The other week I was in Atlanta preparing for a keynote address at Currents when my host, Chris Snider, asked me what question I'm most afraid people will ask. Although I didn't say it at the time, the question I fear most is this: "Exactly how long have you been a technical writer?"
About five and a half years, that's all. I graduated from Brigham Young University with a BA in English in 1999, earned an MFA in literary nonfiction from Columbia University School of the Arts in 2002, taught writing courses at The American University in Cairo until May 2004, worked as a copywriter for six months, and then started as a technical writer at the beginning of 2005.
Despite my short duration in the field of technical writing, I have already given nearly 40 presentations at various conferences, chapter meetings, and webinars. It amazes me that I am so frequently asked to present.
I attribute my notoriety almost entirely to my blog and podcast, which has given me more visibility than I ever wanted. Being so visible, I'm sure that when people sit down in committees to brainstorm speakers, my name floats to the top. It all comes back to the blog.
As I've written previously, I don't blog to market and promote myself. I blog because I like to write (remember I have an MFA in literary nonfiction). I've simply chosen the blog as my creative outlet.
Since I studied literary nonfiction, you might wonder why I don't choose more creative topics? Personal essays are my favorite genre, and a good blog post is usually not too different from an engaging personal essay. But why focus on tech comm?
I had an experience in grad school that grounded my ideas about focus. I took a class from Lawrence Weschler, a well-known creative journalist. Weschler always grew frustrated when students would write memoirs that consisted entirely of personal experiences.
Why so many students focused on memoir was no mystery. We had to generate a lot of material in grad school. Just about every week we had to present dozens of pages of material for review. Exactly where would this material come from?
Without a professional research topic, a lot of us defaulted to writing about our past experiences. Having spent two years in Venezuela as a Mormon missionary, I wrote an essay about my missionary experience. Immediately all my peers told me that this was "my topic" and encouraged me to write more about it. I eventually expanded that initial essay into a series of missionary essays. I worked on other literary essays too, but the missionary essays became my main focus.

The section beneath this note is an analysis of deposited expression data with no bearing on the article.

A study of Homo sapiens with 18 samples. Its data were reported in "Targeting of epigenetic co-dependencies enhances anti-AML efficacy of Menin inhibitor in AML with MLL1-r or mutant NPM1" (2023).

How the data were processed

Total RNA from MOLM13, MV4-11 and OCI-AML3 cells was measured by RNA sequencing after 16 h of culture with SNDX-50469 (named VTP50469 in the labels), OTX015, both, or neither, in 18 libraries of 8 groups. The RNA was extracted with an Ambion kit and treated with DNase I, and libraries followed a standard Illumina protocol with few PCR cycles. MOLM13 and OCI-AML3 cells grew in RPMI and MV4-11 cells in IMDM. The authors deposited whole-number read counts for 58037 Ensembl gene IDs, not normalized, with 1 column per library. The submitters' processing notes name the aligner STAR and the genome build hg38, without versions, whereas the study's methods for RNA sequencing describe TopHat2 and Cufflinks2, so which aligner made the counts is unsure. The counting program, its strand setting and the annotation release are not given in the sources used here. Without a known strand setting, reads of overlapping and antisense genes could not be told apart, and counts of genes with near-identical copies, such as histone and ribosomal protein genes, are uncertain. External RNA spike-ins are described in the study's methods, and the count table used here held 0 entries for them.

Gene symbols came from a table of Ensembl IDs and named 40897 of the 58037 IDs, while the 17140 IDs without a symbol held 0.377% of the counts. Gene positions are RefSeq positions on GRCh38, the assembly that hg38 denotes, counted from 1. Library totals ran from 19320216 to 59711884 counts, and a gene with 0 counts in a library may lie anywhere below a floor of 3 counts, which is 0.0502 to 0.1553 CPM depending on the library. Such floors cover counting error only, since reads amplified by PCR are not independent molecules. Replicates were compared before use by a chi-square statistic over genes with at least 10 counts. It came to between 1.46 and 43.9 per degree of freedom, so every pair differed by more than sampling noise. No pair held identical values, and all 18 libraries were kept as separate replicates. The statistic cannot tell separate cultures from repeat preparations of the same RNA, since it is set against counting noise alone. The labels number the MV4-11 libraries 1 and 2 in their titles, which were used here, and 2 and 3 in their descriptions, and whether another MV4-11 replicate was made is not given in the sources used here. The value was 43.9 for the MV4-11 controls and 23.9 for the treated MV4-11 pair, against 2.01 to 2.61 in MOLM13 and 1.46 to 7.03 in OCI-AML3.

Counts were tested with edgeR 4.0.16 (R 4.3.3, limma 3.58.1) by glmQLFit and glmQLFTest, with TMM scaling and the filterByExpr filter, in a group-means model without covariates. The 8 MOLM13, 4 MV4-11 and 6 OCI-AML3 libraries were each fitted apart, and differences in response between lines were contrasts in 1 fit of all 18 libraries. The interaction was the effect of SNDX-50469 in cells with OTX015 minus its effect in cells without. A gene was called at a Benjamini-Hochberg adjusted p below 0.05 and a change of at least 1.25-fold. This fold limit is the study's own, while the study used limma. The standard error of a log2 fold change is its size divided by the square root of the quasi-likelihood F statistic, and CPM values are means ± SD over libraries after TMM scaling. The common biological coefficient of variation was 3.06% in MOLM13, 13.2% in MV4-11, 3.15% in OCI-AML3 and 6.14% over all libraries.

When I looked for a publisher, I realized that I shouldn't have chosen this topic at all. When you write about religion, specifically the LDS religion, you're bound to either the bore non-LDS readers or offend LDS readers. And there was no substance other than personal experience in my writing. So I never could publish it.
I thought back to my class with Weschler. He was right -- I shouldn't have focused on memoir at all. I should have focused on a topic outside of myself. This is partly why I don't mind expending energy to write about topics in technical communication. Tech comm may not be something I lie awake at night thinking about, but it at least focuses the topic away from memoir.
Of course I still inject as much personal experience as possible, but usually my personal experience is only a springboard into a larger topic or idea that I'm exploring. That experience in grad school is what motivates me to focus this blog on a topic such as technical communication.
I've found that giving this focus to my blog has opened more professional doors than I could ever imagine. Having this focus is what motivates readers to subscribe. It also gives me a lot more ideas than would come from an open-topic blog.
Overall, I just have the right combination for visibility: (1) I have a perpetual desire to write at a time when immediate publishing is possible, (2) I have a desire to focus my writing on something outside myself in a professional angle, (3) I have a desire to write a format that fits the blog perfectly.
When you add this together, it creates a tremendous visibility within a particular professional niche. That visibility gives rise to invitations to present, which increases the visibility further. It's an upward spiral.
Exactly where will it end? I still haven't written the post that ends up being a career mistake. I'm not entirely sure where it will end. What exactly is my career trajectory? More notoriety? More invitations to present? Books authored? Honestly, I am happy to merely write and produce posts that please me. Whatever comes because of that, great.